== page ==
A United Nations helicopter was shot at Monday while on a reconnaissance flight over the Ivory Coast, the U.N. said Tuesday.
The U.N. operation in the nation blamed forces that support Alassane Ouattara for firing the shots, which they said did not reach the helicopter. It was flying reconnaissance over Duekoue at the time, the U.N. said.
"Elements of the Forces Républicaines de Côte d'Ivoire (FRCI) fired at the helicopter, but failed to hit it," said the mission, which identified the group as supporting Ouattara. It said the action could be considered a war crime.
The international community has widely recognized Ouattara as the winner and legitimate leader of the west African nation, but incumbent President Laurent Gbagbo has refused to cede power. The stalemate has resulted in uncertainty and bloodshed.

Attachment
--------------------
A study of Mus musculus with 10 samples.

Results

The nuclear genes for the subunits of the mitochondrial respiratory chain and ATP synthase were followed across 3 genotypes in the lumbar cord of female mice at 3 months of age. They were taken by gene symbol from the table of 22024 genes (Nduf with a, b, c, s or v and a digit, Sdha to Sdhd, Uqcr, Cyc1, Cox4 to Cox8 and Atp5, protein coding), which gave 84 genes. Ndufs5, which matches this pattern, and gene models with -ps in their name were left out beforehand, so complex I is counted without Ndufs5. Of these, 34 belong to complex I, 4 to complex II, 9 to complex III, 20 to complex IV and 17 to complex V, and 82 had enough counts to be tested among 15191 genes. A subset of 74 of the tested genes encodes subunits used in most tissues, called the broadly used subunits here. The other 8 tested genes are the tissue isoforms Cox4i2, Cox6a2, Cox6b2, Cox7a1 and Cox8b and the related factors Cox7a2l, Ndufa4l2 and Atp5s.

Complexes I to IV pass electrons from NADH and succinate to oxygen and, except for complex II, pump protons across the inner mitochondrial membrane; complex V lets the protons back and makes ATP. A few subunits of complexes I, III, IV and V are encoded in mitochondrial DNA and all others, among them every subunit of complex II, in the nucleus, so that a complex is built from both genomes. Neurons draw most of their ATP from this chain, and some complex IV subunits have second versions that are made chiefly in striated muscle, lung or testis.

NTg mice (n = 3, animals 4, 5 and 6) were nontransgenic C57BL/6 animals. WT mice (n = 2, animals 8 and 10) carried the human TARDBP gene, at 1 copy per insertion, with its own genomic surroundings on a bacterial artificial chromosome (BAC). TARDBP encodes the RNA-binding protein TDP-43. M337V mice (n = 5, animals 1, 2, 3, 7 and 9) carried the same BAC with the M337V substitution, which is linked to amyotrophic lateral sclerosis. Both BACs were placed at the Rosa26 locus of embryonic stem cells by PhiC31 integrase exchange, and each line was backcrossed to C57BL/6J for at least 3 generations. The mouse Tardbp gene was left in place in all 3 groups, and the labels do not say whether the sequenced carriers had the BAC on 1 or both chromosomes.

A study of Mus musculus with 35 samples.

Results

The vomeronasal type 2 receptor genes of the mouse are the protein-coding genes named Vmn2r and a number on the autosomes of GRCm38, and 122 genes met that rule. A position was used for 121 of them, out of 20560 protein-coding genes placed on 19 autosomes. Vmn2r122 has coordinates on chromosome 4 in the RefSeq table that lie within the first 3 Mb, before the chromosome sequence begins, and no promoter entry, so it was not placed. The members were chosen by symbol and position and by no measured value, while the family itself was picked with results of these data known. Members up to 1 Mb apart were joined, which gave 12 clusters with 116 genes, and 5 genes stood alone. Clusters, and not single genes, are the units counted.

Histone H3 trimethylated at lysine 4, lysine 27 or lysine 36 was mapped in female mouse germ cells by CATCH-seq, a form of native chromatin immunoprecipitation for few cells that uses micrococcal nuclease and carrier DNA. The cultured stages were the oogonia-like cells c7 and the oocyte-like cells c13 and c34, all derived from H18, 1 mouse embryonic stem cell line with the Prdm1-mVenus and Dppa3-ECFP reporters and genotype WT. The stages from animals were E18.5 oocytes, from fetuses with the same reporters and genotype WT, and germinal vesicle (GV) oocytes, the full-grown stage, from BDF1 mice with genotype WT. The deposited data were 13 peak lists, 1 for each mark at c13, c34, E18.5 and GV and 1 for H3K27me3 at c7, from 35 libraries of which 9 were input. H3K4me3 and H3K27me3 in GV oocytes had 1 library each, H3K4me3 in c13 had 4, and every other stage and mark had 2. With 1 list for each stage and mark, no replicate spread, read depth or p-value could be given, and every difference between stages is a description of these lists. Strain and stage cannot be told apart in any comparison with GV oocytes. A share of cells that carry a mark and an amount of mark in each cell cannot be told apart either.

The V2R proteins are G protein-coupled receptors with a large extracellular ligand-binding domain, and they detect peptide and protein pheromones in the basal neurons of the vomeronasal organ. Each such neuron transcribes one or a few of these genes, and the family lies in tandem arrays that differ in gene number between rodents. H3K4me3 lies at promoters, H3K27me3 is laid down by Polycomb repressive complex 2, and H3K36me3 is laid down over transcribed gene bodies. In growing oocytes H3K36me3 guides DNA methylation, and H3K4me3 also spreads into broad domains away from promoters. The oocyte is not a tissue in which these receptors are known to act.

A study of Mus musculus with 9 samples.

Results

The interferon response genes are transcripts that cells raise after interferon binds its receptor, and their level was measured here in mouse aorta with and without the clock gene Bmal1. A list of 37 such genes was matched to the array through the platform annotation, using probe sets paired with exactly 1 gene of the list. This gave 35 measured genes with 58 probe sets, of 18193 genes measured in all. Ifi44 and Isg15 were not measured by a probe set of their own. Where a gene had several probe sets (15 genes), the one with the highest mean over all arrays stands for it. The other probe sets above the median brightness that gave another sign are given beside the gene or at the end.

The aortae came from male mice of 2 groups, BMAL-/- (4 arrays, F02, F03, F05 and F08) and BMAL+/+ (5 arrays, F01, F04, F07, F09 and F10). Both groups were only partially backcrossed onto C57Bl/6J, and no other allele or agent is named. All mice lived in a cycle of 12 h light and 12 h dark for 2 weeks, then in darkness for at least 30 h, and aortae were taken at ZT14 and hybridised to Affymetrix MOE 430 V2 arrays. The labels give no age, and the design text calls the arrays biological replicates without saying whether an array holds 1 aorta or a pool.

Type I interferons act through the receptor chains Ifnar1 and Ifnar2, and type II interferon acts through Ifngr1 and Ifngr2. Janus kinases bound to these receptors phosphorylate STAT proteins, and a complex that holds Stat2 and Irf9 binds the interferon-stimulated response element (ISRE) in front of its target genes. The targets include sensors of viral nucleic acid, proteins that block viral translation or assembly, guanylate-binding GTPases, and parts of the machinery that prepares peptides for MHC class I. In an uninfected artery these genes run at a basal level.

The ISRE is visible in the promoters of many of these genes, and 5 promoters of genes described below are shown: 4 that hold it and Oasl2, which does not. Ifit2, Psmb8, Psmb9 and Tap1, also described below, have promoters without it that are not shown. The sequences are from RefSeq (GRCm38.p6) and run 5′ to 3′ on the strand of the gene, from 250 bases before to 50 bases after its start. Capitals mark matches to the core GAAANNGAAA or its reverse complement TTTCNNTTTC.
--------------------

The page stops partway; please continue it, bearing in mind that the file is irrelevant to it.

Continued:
Forces loyal to Ouattara said they have taken the cities of Daloa, Duekoue and Bondoukou. CNN could not verify those claims Tuesday.
Pro-Gbagbo forces shot at innocent civilians Monday in the Abidjan suburb of Williamsville, killing about a dozen people, the U.N. operation said in the same statement.
The U.N. is serving in a peacekeeper role in the nation, which has been wracked by violence and is sliding toward civil war following a November election.
Earlier this month, at least 25 people were killed in what the U.N. condemned as a shocking escalation in violence.
France, Ivory Coast's former colonial ruler, called it a "deliberate massacre of civilians" and called on the U.N. Security Council to adopt sanctions against Gbagbo and his circle, said Foreign Ministry spokesman Bernard Valero.